A VETS is warning about the dangers and costs of tooth decay after treating thousands of pets for dental diseases.

Guiseley-based White Cross Vets says almost 4,000 pets have been treated for dental disease in its 19 practices around the country - equating to four pets at each practice every week.

Vet, Tom Ward, from the Guiseley practice, said: “We are definitely seeing an increase in the number of pets suffering from poor dental health. Getting owners to implement good dental hygiene can sometimes be like pulling teeth. The majority fully appreciate how important it is to regularly brush their pets’ teeth, but the problem is a lot of dogs and cats just won’t let them. Understandably, it’s not easy to find the time to do it either, but it’s really important to keep on top of their oral health.”

“Dental disease is very common in cats and dogs – particularly after the age of three – and it is estimated about seven in ten pets have some kind of tooth disorder. If left untreated this can cause irreversible damage to the teeth, gums and jawbones. Stopping the build-up of plaque is the only way of preventing dental disease.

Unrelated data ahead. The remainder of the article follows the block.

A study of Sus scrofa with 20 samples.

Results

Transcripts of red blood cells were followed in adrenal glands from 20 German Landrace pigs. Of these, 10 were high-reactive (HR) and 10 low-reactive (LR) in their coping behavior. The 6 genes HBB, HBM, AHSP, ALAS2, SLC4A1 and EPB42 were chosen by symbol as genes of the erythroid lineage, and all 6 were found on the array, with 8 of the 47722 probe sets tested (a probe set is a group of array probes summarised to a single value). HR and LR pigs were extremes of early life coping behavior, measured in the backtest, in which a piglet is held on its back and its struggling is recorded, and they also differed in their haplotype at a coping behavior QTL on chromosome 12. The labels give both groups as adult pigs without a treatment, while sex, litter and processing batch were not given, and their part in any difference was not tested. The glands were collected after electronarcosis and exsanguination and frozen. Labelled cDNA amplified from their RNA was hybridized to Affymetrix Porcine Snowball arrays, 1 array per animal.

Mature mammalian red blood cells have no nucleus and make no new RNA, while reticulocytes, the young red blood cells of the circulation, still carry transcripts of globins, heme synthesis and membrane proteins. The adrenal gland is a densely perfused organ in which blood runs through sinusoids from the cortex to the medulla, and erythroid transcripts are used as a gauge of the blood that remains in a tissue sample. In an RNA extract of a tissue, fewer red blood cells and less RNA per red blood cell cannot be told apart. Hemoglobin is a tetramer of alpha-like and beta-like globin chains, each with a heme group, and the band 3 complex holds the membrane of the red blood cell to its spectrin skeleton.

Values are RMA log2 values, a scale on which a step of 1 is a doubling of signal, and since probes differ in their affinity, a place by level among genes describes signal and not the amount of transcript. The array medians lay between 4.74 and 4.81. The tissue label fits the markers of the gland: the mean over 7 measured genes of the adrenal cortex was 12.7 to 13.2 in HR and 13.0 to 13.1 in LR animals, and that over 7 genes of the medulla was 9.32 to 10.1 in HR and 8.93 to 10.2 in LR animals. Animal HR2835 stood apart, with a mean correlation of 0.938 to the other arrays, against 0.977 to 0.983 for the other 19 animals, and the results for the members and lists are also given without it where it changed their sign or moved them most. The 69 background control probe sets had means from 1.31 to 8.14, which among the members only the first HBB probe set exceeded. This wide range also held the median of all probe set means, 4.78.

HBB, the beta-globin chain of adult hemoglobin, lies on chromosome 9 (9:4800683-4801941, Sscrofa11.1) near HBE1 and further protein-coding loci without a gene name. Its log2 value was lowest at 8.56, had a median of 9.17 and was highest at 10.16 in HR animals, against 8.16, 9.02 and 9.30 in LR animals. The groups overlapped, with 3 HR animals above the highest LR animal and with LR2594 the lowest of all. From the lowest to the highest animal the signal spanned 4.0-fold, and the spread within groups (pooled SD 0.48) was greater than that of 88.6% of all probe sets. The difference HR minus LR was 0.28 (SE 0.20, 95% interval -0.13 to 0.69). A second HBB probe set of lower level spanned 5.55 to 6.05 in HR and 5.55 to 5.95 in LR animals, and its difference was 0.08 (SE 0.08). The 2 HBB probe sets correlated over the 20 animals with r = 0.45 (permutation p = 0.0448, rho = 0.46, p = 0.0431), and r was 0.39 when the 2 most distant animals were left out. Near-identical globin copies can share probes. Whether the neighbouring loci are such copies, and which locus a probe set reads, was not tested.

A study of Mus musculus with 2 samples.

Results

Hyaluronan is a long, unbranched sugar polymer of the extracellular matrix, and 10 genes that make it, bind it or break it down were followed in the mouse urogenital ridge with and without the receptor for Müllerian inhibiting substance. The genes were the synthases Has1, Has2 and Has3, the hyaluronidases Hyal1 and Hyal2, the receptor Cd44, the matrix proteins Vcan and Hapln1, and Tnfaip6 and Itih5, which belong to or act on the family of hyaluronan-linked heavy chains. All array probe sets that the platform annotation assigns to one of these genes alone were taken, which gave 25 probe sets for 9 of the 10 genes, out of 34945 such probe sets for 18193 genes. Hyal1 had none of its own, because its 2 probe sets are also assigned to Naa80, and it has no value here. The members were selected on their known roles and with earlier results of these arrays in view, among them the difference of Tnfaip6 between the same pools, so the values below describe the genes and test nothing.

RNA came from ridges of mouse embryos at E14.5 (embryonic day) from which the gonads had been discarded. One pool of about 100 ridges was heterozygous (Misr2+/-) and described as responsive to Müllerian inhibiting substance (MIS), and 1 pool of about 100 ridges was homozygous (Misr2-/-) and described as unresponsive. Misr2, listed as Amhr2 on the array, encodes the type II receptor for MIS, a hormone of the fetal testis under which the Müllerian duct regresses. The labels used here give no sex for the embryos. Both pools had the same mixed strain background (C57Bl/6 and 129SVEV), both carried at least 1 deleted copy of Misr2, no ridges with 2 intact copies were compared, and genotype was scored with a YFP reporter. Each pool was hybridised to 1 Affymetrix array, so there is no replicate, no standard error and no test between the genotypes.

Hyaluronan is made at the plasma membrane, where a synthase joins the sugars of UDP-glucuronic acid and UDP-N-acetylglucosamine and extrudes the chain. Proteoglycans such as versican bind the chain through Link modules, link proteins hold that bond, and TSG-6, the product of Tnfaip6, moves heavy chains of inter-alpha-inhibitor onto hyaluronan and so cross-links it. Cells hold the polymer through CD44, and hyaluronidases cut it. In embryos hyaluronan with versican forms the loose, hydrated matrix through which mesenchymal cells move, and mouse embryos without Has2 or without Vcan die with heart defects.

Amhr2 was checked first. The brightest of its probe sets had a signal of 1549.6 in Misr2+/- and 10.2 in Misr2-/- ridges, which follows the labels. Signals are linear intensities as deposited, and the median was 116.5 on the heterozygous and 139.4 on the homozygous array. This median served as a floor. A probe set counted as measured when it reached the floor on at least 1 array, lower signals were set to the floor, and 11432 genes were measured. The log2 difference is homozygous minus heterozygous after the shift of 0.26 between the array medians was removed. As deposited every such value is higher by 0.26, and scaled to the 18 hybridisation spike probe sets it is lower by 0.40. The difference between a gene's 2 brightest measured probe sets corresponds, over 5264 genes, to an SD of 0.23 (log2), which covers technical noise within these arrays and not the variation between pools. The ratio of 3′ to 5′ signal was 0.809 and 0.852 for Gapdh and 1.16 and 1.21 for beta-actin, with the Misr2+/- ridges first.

Tom added: “We have seen a big increase in tooth extraction work as a result of poor dental hygiene which is caused by the build-up of plaque. The plaque harbours bacteria that can infect the gum tissue and the roots of the teeth causing disease and tooth loss. In severe cases, the bacteria can also enter the blood stream and cause damage to other organs like the heart, liver and kidneys.”

He added: “Cleaning teeth from being a puppy or kitten makes things easier, but even later in life you can soon get pets used to being handled around the mouth. There are lots of starter brushes that can be worn on a finger that also make it easier to brush the teeth, and it’s absolutely essential to use cat specific and dog specific toothpaste – not human toothpaste as it contains fluoride. The key to good dental health is little and often and to reward your pet after brushing.”